A derivative of vitamin A called retinoic acid has been found to be associated with reduced lung cell growth in a group of former heavy smokers, according to a study published online in the Journal of the National Cancer Institute.
Former smokers remain at elevated risk for lung cancer. According to one hypothesis, lung cells that were damaged during years of smoking may continue to grow and evolve into cancer even after that person has quit smoking. Previous studies have suggested that retinoids, a class of drugs related to vitamin A, may be effective for preventing lung cancer in former smokers. Retinoids have also been shown to slow the growth of cancer cells in laboratory experiments.
Investigators at the University of Texas M.D. Anderson Cancer Center in Houston previously conducted a double-blind lung cancer prevention trial among 225 former heavy smokers. The subjects were randomly assigned to receive a 3-month treatment of 13-cis-retinoic acid and vitamin E, or 9-cis-retinoic acid, or a placebo. Walter Hittelman, Ph.D., and colleagues later examined biopsy samples of participants' lung tissue taken before and after treatment, then measured the proliferation of the cells using a biomarker called Ki-67.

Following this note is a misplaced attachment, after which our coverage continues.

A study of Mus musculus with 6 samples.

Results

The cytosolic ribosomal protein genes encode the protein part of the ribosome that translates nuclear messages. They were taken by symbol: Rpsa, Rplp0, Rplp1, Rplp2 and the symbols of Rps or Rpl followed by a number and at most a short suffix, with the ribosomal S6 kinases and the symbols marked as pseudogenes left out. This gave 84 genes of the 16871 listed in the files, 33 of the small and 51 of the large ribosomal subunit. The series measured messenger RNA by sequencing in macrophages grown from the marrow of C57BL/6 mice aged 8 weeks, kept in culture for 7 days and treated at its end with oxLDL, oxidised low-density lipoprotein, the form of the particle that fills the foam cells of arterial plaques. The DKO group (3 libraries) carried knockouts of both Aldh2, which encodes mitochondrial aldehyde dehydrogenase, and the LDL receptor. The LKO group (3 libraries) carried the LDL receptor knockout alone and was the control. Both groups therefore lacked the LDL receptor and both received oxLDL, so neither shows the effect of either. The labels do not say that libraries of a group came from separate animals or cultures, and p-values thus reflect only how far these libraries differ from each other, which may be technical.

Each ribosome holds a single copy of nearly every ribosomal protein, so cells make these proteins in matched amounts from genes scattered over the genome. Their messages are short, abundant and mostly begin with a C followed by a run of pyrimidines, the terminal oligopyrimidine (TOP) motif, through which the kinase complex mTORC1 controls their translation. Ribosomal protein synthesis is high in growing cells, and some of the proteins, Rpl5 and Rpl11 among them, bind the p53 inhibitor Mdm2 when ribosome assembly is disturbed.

In patients given 13-cis-retinoic acid and vitamin E, there was a statistically significant reduction in parabasal layer cell growth compared with the placebo treatment, but not in those given 9-cis-retinoic acids. When the data were analyzed by the biopsy site, both treatments statistically significantly reduced cell growth.
"It will therefore be important to distinguish the effects of molecularly targeted agents on the basal and parabasal [lung cell] layers in proposed lung chemoprevention trials with long follow-up," the authors write.
In an accompanying editorial, Eva Szabo, M.D., of the National Cancer Institute in Bethesda, Md., discusses the appropriateness of using the biomarker Ki-67 as an alternative endpoint in cancer prevention trials. While the biomarker showed that the retinoid agents were able to reduce cell growth, she says it is still too soon to test them in more advanced clinical trials. "We do not have a full understanding of the effects of these agents on [lung cells] or their effects during the full spectrum of carcinogenesis," she writes.